Todenham, Near Moreton-in-Marsh
Gloucestershire, GL56 9NU, England

telephone: 01608 650418
email: alain@alainrouveure.com



Some of our paintings



gouache on cotton, Nepal


gouache on cotton, Nepal


Contact us on +44 (0)1608 650418
email: alain@alainrouveure.com


Alain Rouveure Paintings

Thangka are primarily religious paintings that are hand-executed
on finely woven cloth.
They were made to be hung in temples
and private chapels above family altars.

Old and new paintings from the Himalayas

The technique for Thangka painting dates back to 1100AD
and is still in practice today.

The support for the Thangka (a fine cloth of cotton) has to be
stretched over a wooden frame.Traditionally, before it can be
painted on, the cloth has to be sized' and prepared with a 'gesso'.
In Nepal and Tibet it is a mixture of hide glue made by slowly
boiling yak or buffalo skins for several days to extract
a clarified jelly/glue which is then mixed with white earth or chalk.
This gesso is of several layers each meticulously burnished
with a polishing stone.

Originally, as in Europe at the time, artists used natural pigments
and minerals for their colours like lapis lazuli for blues,
malachite for greens, vermilion reds, oxidised led for white,
arsenic for yellows. All were finely ground into powder
that would be mixed with water and clarified hide glue
into a useable paint. Today's artists mainly use modern gouaches, although gold is still traditionally used.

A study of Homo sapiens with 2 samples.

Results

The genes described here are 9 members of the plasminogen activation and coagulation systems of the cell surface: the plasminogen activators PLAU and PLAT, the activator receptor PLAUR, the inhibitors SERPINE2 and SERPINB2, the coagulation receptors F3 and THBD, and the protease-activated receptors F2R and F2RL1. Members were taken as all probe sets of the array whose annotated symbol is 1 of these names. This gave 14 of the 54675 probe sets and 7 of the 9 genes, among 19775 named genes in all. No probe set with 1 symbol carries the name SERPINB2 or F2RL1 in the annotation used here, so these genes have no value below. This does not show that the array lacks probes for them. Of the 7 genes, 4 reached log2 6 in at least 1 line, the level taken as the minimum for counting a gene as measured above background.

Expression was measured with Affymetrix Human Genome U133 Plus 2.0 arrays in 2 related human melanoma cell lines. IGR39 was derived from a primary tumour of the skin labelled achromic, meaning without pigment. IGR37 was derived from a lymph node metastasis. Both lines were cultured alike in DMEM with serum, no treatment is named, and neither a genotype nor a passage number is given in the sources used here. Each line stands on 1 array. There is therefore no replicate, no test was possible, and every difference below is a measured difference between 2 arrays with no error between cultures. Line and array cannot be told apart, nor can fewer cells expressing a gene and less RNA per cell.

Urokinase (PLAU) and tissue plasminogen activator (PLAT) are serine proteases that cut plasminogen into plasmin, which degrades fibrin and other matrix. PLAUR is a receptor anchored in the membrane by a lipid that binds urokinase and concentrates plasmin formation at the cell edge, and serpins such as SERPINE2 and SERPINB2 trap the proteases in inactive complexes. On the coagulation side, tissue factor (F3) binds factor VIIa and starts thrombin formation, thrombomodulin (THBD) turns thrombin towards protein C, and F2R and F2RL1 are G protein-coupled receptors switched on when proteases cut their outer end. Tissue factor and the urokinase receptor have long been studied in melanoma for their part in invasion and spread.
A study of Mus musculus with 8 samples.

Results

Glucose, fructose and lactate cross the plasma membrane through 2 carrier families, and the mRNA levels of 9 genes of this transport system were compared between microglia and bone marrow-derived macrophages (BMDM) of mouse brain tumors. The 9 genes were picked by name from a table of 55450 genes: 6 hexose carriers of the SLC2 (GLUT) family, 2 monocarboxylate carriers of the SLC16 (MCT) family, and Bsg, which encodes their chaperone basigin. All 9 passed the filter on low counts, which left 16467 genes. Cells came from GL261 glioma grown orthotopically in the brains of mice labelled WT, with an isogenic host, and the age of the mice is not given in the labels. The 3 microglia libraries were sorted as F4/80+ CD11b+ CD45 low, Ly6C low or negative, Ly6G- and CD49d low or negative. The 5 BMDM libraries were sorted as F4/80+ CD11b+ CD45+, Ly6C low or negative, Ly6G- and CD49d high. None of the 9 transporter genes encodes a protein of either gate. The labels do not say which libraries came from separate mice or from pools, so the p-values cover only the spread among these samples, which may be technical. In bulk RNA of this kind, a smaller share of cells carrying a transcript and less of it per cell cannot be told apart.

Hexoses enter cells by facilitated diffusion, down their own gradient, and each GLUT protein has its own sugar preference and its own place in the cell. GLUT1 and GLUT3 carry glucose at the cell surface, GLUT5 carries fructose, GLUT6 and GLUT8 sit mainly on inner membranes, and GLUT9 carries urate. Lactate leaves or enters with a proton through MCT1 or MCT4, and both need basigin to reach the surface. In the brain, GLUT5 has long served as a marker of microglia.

A Master will then draw the figures precisely using a pencil
or black soot. The fine lines follow very strict and rigid rules.
The iconography is precise and so are the proportions.
Relationships between figures and spaces are set as are the
physical relationships between neck, shoulders, navel,
length of arms etc…

The eyes of the main figure in the Thangka are the last details
to be painted in, thus giving life
to the subject.

Paintings at Alain Rouveure Galleries

©Alain Rouveure 2005


About our paintings

Buddhism has no gods and
goddesses as such.

The images
that are represented in statue or
painting forms are there to be
welcomed and /or worshiped
as the various possibilities and
facets of human potentials and the attainment of these potentials - compassion, wisdom etc...
including enlightenment.

The attainment of enlightenment
denotes the transition of anyone to
the state of Buddha-hood during a
lifetime. This transition marks an end
to the series of reincarnations that
were required to reach this stage of
self-knowledge and life purpose.

Master Raju Tamang in his studio

Master Raju Tamang at work
in his studio

All the Thangkas paintings we
have in the galleries, contemporary
or old, are original hand painted
works of art and are unique.

We would also remind you that ethics are extremely important to us …

...no child labour
no use harmful chemicals
no environmentally
damaging synthetic dyes
no looting of temples
in search of antiques...

are involved in production processes.